01/12/2009 05:12 am ET Updated May 25, 2011

The Mistake in Bailouts

These bailouts are an awful idea -- the worst of K St. capitalism (== kapitalism) inviting an insanely bad future for the industries affected. If there's one thing worse than Detroit managed by the managers who have been driving the American auto industry into the ground for the past three decades, it is Detroit managed by politicians.

I'm not against all bailouts. I think it was appropriate to save the airline industry after 9/11, for example: That was an unexpected shock that produced a failure not directly related to the bad management of the airlines.

But these bailouts are not that. Both the auto industry and the banking industry are insanely inefficient. They have been for decades. And rather than being saved from a shock, both need a significant shock to management to radically change how they do business.

Perhaps the shock to banking would be too great just now. I'm willing to be persuaded that intervention is necessary there. But the more I read about the auto industry, the less I am convinced.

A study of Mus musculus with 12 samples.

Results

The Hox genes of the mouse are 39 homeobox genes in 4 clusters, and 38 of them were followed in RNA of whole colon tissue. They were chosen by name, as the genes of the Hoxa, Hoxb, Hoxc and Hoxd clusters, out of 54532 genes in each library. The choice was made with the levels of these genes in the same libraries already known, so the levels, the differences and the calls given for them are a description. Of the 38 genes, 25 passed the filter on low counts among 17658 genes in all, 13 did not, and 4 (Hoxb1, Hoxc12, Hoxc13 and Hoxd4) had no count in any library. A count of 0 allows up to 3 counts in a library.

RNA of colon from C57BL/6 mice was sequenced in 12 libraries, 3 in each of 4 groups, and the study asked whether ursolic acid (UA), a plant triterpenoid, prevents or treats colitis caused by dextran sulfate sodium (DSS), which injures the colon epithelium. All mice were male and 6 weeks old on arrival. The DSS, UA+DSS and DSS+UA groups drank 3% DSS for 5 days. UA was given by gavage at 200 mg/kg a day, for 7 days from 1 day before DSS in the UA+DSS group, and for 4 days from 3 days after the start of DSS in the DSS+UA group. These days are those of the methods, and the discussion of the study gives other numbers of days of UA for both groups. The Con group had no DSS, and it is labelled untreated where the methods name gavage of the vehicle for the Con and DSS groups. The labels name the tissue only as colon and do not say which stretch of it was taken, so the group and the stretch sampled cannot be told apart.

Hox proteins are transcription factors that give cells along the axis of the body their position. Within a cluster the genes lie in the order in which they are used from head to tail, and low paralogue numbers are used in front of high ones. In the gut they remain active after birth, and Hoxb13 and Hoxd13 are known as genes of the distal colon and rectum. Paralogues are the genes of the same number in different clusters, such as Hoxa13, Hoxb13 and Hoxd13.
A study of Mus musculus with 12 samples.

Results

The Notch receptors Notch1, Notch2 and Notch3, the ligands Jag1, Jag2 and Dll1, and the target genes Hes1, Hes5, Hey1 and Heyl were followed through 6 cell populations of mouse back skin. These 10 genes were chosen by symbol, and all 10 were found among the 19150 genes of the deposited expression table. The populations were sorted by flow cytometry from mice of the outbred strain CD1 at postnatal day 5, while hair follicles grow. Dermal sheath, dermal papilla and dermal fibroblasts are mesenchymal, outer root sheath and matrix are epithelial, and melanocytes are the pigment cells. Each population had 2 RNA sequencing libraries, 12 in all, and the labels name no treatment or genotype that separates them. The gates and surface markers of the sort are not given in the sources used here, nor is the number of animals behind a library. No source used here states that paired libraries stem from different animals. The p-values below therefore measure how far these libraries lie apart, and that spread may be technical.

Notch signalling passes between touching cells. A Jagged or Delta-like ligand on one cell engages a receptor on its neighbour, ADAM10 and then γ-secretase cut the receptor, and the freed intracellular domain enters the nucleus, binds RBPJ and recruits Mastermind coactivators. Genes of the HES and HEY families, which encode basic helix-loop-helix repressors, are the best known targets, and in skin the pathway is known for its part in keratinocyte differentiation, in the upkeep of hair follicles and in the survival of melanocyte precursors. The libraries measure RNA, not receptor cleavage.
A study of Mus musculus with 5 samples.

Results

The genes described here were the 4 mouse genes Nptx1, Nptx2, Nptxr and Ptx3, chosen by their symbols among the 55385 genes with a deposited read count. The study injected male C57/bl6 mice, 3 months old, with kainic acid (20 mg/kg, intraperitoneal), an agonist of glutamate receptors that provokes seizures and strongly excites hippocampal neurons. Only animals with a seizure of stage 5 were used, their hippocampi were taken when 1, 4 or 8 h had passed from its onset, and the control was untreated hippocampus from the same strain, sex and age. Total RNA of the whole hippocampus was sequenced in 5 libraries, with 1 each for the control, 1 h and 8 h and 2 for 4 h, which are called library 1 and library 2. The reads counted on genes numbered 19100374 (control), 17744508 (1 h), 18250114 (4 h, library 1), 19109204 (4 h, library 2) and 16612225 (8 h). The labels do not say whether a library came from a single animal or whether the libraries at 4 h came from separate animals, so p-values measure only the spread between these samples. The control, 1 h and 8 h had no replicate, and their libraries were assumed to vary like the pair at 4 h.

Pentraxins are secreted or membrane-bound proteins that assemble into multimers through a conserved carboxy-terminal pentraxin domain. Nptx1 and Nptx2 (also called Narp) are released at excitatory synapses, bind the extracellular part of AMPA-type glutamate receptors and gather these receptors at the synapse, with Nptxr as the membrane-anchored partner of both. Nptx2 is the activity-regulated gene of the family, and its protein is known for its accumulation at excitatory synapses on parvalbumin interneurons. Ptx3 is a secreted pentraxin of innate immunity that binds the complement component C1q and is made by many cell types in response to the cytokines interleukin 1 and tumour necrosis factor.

People speak about this as if not bailing out Detroit means automobile production in America ends. That's not what failing to bailout Detroit means. Not intervening now would mean these automakers would enter bankruptcy. And bankruptcy means the assets of these dinosaurs get reorganized: Someone else buys these companies, at a price the market sets, and runs them profitably, because of the price the market set.

Obviously, that change would not be painless. And I'm all for minimizing the pain where the pain is doing no good -- with workers, or others depending upon these industries. But I'm against interventions designed to minimize the pain where the pain would do good -- by radically changing how that industry is managed. The whole justification for insanely high executive compensation is, in part, so they can weather such storms. I don't see why the government should be in the business of building safety nets for the (relatively) well off.

"But what if foreign car companies buy American car companies?"

So what. I just don't get this fear. We live in a global economy. If you want to own Toyota, buy Toyota stock. In the vast majority of cases (meaning there are exceptions I'd be willing to consider), the place of incorporation of a company should mean squat little to these sorts of issues. Or better, the ability of the company to build and manage production should matter much more.